Surely you’ve seen the videos on YouTube where anglers go casting for catfish with chicken nuggets, hamburger chunks, or some other bizarre bait to prove that you can catch these fish on just about anything. It’s okay, you can admit to having watched them. It’s even alright if you giggled a bit. Just don’t tell anyone it was at two in the afternoon on a Wednesday while you were at the office. And just n case that happens to be where you are right now... well, click below for gosh sakes!
I have no idea who first had the brainstorm to go fishing with fast food, but I certainly credit them with creative thinking. Still, after watching one of those videos recently I was left with a nagging question: would they have caught more fish, had they been using a traditional bait? How do those pieces-parts fused together stack up against cut fish when fished side-by-side?
To put nuggets to the test Team FishTalk decided to run an experiment and pit them head-to-head with normal bait. We went on a fast food frenzy and collected up a batch of nuggets from McDonald’s, Chick-Fil-a, and RoFo. Then for good measure (curiosity got the best of us) we added a bag of White Castle burgers into the mix. And for our traditional contender, we hit the tackle shop and grabbed a bag of the catfish classic: gizzard shad.
Fishin’ with a Mission
We rigged up with 6/0 circle hooks and 30-pound fluorocarbon leaders, jumped into the boat, and cruised up the Patuxent River to a hole scoured out in a bend just north of Jug Bay. I’ve fished this hole many times, and it’s often so riddled with catfish that it’s impossible to catch anything else. There, we each fished a different bait, then rotated baits, keeping two nugget varieties plus gizzard shad in the water at all times.
Our first big discovery: McDonald’s chicken nuggets are buoyant, while the other brands sink. Go figure. Regardless, I decided it was wise to strip a bit of the breading away and leave some actual chicken(?) exposed. Eventually this was revealed to be folly, when I checked the nugget after a missed bite and found that some wary catfish had nibbled away the breading without bothering to eat the actual chicken.
Our next revelation came when trying to fish the White Castle burger. Turns out they basically dissolve. Contributor Eric Packard had the crafty notion to put it into a mesh bag, but by the time he had it set to deploy, the offering was oversized and fish under 10 or so pounds wouldn’t have been able to choke the monstrosity down. Regardless, after 15 minutes without any action the (unused) White Castles went back into the cooler for future consumption by humans.
Fish, or Fowl?
Before presenting our irrefutable scientific data, it must be noted that for some reason the catfish proved particularly finicky on this day. It may have been due to a strong front having just pushed through (it was a bluebird day with winds in the 20-knot range), but they nibbled then spit the bait — regardless of its phylum — a lot more often than they struck with gusto. Time and again we watched a rod tip pump two or three times then hang limply, without the fish ever fully committing. All of that said, here were the results:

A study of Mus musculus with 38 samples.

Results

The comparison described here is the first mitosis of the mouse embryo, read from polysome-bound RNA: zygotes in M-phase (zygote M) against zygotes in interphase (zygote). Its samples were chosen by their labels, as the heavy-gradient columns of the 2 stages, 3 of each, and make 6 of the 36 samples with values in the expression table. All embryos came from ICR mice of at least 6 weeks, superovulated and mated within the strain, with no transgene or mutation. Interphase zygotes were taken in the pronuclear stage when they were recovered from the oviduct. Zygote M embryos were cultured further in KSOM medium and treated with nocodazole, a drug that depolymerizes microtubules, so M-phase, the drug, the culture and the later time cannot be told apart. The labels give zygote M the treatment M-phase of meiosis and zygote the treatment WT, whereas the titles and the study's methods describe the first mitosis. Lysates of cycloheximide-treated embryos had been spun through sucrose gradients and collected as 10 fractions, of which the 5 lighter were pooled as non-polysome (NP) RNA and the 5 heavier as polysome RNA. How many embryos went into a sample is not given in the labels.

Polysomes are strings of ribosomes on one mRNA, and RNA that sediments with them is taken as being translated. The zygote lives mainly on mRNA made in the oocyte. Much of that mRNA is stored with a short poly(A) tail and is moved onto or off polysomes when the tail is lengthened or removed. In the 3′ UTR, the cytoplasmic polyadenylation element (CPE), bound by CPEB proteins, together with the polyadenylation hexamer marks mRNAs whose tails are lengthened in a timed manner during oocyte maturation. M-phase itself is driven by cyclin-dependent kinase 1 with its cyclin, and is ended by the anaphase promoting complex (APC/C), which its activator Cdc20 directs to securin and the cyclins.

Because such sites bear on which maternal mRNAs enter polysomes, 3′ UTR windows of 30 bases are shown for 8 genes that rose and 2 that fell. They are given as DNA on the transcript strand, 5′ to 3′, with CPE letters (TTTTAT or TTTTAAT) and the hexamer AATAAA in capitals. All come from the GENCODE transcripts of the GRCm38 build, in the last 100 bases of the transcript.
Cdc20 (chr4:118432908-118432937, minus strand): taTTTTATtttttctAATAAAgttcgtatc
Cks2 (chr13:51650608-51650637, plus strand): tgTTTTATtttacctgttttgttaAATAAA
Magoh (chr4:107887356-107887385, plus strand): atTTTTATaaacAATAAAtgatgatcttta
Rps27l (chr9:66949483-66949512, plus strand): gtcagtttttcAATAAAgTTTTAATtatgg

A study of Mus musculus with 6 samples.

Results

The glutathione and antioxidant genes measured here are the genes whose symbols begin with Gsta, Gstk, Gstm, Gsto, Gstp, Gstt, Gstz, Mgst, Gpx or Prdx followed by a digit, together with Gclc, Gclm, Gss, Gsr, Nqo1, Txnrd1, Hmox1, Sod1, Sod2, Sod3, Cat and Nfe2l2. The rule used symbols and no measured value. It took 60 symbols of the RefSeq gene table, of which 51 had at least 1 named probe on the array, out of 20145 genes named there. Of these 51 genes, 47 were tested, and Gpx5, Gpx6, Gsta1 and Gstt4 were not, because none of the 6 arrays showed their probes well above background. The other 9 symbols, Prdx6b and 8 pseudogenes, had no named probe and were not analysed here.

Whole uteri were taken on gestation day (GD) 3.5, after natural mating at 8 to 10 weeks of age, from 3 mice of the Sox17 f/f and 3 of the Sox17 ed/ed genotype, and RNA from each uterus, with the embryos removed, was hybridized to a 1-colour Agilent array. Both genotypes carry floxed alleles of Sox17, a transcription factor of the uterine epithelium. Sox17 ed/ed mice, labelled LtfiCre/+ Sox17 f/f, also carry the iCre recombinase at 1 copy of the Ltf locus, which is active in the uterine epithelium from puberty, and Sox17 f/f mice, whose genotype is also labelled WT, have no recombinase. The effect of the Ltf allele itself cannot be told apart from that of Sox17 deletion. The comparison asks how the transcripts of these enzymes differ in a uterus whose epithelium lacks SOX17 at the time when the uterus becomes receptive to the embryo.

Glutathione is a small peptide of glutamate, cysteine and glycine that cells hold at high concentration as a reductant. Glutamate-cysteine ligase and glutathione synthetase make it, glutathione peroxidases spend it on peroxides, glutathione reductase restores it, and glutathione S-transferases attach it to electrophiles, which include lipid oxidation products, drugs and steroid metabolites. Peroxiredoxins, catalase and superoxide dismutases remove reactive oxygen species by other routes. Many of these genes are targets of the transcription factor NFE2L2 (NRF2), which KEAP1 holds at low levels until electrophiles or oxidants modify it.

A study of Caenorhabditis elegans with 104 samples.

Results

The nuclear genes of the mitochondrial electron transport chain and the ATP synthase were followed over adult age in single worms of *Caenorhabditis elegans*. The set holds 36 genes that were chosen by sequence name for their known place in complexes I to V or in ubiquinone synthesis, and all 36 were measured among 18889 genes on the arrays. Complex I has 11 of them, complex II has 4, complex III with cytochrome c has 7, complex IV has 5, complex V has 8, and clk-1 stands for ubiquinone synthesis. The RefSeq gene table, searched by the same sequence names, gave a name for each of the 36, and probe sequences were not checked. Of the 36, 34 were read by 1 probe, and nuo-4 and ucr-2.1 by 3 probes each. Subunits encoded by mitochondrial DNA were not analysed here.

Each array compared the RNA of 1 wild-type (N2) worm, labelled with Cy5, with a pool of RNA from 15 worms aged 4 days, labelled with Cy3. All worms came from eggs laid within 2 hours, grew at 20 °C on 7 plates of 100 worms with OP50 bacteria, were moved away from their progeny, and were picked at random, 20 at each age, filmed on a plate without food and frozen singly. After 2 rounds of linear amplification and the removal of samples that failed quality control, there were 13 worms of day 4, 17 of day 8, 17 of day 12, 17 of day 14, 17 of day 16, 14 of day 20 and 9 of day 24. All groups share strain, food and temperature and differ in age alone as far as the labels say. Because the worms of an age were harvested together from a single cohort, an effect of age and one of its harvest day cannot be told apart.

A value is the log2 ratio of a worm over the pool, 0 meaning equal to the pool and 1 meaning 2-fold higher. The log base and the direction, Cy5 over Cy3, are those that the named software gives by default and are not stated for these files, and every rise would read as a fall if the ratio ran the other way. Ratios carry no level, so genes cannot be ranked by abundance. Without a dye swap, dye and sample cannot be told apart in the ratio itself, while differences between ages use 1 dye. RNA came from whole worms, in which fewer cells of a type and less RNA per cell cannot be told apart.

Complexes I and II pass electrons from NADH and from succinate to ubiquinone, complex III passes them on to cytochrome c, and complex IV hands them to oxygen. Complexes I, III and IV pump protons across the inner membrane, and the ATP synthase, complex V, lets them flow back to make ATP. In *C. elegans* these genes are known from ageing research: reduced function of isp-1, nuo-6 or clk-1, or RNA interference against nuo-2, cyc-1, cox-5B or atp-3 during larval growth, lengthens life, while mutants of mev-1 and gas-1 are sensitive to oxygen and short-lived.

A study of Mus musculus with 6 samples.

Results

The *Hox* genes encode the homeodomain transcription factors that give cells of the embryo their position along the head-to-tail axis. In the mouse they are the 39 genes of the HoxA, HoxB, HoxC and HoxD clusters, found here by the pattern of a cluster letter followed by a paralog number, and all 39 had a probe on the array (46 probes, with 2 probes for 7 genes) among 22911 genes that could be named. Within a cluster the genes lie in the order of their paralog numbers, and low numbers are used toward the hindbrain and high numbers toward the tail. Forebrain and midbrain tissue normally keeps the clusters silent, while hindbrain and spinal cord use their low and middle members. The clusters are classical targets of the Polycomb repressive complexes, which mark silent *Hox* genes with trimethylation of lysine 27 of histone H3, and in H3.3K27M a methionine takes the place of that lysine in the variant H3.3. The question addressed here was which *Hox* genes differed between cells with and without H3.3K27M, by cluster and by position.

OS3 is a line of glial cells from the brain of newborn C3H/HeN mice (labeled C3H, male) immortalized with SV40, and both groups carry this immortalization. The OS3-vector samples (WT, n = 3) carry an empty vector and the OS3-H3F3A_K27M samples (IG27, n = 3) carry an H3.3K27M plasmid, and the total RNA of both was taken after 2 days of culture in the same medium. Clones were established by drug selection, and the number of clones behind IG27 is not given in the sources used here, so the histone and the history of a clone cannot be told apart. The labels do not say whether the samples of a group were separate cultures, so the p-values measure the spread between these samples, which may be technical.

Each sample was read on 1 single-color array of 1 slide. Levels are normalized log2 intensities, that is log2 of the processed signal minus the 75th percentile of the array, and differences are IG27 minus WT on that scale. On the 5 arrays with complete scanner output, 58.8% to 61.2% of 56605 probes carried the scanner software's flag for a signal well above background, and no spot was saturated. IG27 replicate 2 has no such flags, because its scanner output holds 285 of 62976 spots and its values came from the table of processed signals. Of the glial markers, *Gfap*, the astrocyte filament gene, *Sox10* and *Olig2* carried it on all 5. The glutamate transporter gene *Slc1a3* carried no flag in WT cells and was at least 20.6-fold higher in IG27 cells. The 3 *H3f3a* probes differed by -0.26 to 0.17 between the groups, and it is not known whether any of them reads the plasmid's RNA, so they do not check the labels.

- Chick-Fil-A – Zero bites.
- McDonalds – Five bites.
- Royal Farms – Two bites.
- Gizzard Shad – Constant action — we lost count of the exact number of bites, but it was in the dozens. Gizzard shad was also responsible for catching the first fish, the most fish, and the biggest fish.
So, what have we learned here? First off, if you want to actually catch fish, you’re best off using “real” bait as opposed to fast food chicken nuggets (or weird little mini frozen hamburgers from Ohio). Second, we need to address the question of why McDonald’s chicken nuggets float. We did learn that it’s not the breading, because after being stripped away by nibblers the chicken itself still floated. An extensive Google search on the topic proved unhelpful, but we did learn that in 2012 a McNugget resembling George Washington sold on eBay for $8100. (There’s a picture, and in all fairness it really did look kind of like him).
Yes, yes, we know, there are a lot of other nontraditional baits like chicken livers and chicken breast soaked in Kool-Aid which some anglers swear works just as well as cut fish. We have no doubt as to their effectiveness, and just for the record I personally consider chicken livers a topnotch catfish bait. But we couldn’t test everything in the grocery store at once and the whole idea here was simply to put this myth that fast food nuggets are “good” bait to rest. And also, to get out of the office at two o’clock on a Wednesday afternoon. Mission accomplished.